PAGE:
Talking To Bobby Cannavale About His Steve Buscemi Impression: Live From LAByrinth’s Celebrity Charades

Senior Pop Culture Editor
01.15.13 7 Comments

After multiple hard-fought rounds of charades, where nearly two dozen very famous, very pretty people were asked to throw self-respect aside in favor of acting out Happy Endings, Buried Child, “Super Freak,” “Great Balls of Fire,” and Beasts of the Southern Wild, the two teams left standing consisted of, among others, Paul Rudd, Michael Shannon, A Simple Man‘s Richard Kind, former Tennessee Titan Eddie George, and Dexter star David Zayas on one side and Chris Rock, Padma Lakshmi, Elizabeth Rodriguez, and America Fererra on the other.
Meanwhile, Bobby Cannavale, Sam Rockwell, Law & Order‘s S. Epatha Merkerson, Olympic ice-skater Sasha Cohen, The Good Wife‘s Josh Charles, and Billy Crudup looked on from the gladiator-themed sidelines, disappointed that they weren’t able to convey Game of Thrones well enough to their teammates.
Such was the genre-mashed scene last night at New York’s Capitale for the 10th Annual Celebrity Charades Benefit, which raised money for the esteemed LAByrinth Theater Company. The talent mentioned above was there to participate (and to get two very wealthy men to pay $11,000 each to play along with them), and we were there, too, to take photos (courtesy of Nadia Chaudhury) and conduct interviews. And maybe see Sam Rockwell dance.

By this time next week, we’ll know who’s playing in the Super Bowl. As someone who’s played in the game before, what advice would you give to a first-timer?
I’d say definitely embrace the moment. It’s a childhood dream that lives up to the hype, because for two weeks, you’re a celebrity. Not just in the football world, but worldwide. You can get into any place you want to, free meals, free champagne. The trick is, if you lose, all that goes away.
You played against Ray Lewis, who’s retiring after this season, many times throughout your career. Is there a hit or a game against him that you remember clearly?
There’s not, or at least not just one. We came in together in 1996, the same division. We faced off against each other several times, and you always had to know where #52 was. And you knew it was going to be a problem — your career might end that day.
Who you got for next week?
I’m feeling Baltimore and San Francisco.
Yes, she’s very pretty; no, I didn’t give her your number.
I spoke to Josh for about five minutes, but my recorder decided to erase the interview, so I can’t provide an exact transcript, but, basically, Josh Charles is awesome. He’s a huge Baltimore Ravens fan, and talked about having his heart ripped out by the New England Patriots last year. I also asked him for his opinions on sports announcers, considering his tenure as Dan Rydell on Sports Night. He didn’t want to offend anyone, and therefore wouldn’t name names, but did admit that too many football play-by-play men love to hear their voices and need to pipe down during the games. There were also some non-sports questions, like which one of The Good Wife‘s 7,000 great guest stars would be the best at charades (“Martha Plimpton”), but he seemed content just to shoot the sh*t about football.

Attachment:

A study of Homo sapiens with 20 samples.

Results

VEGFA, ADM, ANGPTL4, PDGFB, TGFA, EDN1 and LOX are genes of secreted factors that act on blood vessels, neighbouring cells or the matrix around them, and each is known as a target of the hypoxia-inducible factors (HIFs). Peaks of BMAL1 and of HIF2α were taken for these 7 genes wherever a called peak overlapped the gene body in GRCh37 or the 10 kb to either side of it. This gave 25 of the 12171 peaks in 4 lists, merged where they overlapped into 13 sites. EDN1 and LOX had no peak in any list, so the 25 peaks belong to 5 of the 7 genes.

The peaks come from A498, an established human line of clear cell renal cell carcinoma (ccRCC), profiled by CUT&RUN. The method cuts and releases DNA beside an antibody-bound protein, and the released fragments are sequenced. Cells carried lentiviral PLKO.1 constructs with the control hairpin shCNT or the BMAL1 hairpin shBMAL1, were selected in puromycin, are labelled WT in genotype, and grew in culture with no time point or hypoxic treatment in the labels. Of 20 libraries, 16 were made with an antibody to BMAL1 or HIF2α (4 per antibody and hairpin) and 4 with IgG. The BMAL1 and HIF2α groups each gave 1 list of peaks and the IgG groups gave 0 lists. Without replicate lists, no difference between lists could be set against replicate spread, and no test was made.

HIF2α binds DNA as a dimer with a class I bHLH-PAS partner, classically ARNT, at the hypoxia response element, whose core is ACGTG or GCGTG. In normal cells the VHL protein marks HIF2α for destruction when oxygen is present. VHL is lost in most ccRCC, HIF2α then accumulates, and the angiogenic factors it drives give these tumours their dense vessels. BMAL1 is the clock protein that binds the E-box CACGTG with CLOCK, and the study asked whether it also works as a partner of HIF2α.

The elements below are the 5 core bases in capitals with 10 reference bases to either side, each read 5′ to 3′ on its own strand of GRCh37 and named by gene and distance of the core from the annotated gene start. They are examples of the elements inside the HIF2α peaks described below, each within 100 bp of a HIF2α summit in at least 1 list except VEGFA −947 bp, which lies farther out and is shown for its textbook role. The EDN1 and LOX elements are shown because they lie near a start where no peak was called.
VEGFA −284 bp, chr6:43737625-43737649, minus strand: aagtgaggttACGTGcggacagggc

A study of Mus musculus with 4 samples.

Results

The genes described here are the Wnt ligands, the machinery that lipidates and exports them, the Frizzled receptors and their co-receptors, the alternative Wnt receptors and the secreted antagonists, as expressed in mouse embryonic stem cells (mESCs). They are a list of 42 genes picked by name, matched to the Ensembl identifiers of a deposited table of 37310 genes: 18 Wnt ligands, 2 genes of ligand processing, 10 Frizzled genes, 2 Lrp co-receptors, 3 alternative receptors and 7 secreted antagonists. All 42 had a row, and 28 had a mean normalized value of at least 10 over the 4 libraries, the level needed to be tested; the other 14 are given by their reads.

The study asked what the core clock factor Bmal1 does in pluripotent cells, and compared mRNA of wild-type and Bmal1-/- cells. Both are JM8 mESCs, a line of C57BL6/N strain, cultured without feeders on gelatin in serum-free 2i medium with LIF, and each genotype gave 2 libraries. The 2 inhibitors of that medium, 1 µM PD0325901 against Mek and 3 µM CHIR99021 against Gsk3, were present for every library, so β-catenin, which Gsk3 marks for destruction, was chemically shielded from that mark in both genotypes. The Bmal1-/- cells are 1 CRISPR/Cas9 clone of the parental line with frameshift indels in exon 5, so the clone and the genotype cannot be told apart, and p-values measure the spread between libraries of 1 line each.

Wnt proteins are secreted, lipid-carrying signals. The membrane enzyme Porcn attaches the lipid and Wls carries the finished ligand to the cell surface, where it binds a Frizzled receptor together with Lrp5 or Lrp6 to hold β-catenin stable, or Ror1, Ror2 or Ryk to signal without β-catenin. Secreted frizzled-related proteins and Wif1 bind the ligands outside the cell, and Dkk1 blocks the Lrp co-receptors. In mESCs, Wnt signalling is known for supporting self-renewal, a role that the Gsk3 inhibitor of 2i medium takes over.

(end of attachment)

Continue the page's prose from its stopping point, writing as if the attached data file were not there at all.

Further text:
Again, Josh Charles is awesome. BOO PATRIOTS GO RAVENS.
You were great on Boardwalk Empire this season. Were you disappointed that your character, Gyp Rosetti, couldn’t stick around longer?
Nah, I knew going in what it was going to be and that the writers were excited to be writing this character, and given the way the season ended last year, having a major character get killed off, I think that was their game plan going in, to introduce this wild card whose story could only really end one way. I was really happy to play that arc out.
Was there a scene or a moment when you read it in the script, you were shocked was in there?
They’re all pretty shocking. I just expected that when I picked up the script, I’d be doing something nuts. But when [creator] Terence Winter and [director] Tim Van Patten came to my trailer and asked me how I felt about autoerotic asphyxiation, that was the one time I was like, “What do you mean? Personally…?” But I thought about it, had never seen it before, and decided it made sense.
How long did you have to work on your Steve Buscemi/Nucky Thompson impression?
I’m sort of a natural mimic anyway. I mimic my friends all the time, I’ve known Steve a long time, and I’ve certainly never done it in a mean spirited way. *Breaks into perfect Buscemi impression* But if I’m telling a story about Steve, I just start talking like him *goes back to normal voice*, so it wasn’t really hard for me because I enjoy doing it.
He has the best hair.
Sam wasn’t able to stop to answer questions, which is a shame; I really need to know, “How did you become the world’s greatest dancer?”
Reminder: Michael Shannon is in a band.